More on the If-Then Format for Expressing Business Rules
Question: Do you have a rote way to translate an If-Then statement into declarative form?
RGR: You can’t translate If-Then-Action statements into declarative form because the business intent is missing. Translating If-Then-Fact back and forth from RuleSpeak, on the other hand, is trivial. We do that often. One client described it “embarrassingly easy.”
Question: What would RuleSpeak do with the business rule, “If the news is bad, shoot the messenger.”?
RGR: As currently structured, that statement uses the If-Then-Action format. In declarative form it would read: The messenger of bad news must be shot. Or if you prefer the If-Then-Fact format then: If the news is bad, the messenger must be shot.
By the way, the business rule in its present form is not practicable. For example, does the messenger need to be shot dead? And does the messenger actually need to be shot, or is just killing him sufficient?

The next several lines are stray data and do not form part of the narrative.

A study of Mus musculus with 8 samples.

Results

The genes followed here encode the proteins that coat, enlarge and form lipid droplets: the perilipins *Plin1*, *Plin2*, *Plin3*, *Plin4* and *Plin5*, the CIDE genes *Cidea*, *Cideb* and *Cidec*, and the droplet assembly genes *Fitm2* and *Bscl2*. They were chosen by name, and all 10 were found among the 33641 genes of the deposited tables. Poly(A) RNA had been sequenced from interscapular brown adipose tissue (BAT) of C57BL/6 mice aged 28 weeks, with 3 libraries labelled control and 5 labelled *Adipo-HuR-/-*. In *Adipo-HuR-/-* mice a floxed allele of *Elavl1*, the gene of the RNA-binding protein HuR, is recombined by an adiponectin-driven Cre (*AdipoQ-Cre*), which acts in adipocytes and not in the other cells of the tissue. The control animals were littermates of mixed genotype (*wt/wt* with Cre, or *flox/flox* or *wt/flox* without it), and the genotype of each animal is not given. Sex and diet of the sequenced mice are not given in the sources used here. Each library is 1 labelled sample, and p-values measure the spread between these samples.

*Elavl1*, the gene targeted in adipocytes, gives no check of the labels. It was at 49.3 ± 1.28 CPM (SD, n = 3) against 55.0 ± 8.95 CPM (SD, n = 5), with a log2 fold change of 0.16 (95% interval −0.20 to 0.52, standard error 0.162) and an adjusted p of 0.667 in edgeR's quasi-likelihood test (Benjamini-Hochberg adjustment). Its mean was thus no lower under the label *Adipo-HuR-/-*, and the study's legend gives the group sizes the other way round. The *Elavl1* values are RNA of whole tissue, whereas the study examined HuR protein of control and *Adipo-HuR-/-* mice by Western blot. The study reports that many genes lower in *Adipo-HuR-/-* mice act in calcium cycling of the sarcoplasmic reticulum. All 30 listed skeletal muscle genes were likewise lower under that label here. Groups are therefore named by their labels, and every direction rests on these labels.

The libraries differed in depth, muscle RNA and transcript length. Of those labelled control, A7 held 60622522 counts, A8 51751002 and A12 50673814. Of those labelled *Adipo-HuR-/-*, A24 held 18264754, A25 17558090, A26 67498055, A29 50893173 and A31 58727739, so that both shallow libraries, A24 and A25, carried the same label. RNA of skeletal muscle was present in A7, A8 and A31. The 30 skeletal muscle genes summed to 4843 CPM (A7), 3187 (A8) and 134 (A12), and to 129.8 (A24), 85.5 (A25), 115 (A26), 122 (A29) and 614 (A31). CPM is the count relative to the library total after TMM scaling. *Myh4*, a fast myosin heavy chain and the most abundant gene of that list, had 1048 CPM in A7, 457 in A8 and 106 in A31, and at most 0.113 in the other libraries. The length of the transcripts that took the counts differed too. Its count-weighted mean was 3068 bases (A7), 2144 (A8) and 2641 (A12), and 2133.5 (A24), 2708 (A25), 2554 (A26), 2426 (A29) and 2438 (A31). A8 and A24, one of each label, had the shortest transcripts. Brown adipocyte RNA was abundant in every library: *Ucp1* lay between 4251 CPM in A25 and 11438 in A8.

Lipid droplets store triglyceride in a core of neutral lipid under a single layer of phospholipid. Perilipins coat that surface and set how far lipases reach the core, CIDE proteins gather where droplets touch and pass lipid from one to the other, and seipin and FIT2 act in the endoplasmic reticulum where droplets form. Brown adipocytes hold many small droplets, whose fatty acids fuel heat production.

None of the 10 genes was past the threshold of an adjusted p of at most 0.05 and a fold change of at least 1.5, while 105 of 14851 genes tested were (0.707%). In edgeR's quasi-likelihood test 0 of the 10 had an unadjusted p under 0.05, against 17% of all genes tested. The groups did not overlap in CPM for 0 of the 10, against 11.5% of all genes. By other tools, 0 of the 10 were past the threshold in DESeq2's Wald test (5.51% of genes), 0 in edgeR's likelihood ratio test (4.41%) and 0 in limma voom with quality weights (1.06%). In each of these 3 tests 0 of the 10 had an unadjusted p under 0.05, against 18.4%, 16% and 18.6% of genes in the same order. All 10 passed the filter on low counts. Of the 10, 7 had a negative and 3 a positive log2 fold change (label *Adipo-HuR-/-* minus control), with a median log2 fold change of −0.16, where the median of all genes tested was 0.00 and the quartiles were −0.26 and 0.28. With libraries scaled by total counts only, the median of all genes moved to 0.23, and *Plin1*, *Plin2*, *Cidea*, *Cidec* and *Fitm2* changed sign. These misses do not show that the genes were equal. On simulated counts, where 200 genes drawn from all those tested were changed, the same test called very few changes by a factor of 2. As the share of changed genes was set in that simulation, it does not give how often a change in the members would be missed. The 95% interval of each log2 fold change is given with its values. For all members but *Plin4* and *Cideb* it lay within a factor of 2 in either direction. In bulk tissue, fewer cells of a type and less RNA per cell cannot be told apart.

Question: What would RuleSpeak do with the business rule, “If a rental car is returned more than one hour late, charge a late-return penalty.”?
RGR: That statement again uses the If-Then-Action format. In declarative form it would read: A late-return penalty must be charged for a car rental if the rental car is returned over one hour late. Or if you prefer the If-Then-Fact format then: If a rental car is returned over one hour late, a late-return penalty must be charged for the car rental.
As soon as you let any actions creep into business rules, all bets are off on side effects. As the statements become more and more slanted toward programming, they become less and less comprehensible to business people and to most business analysts as well.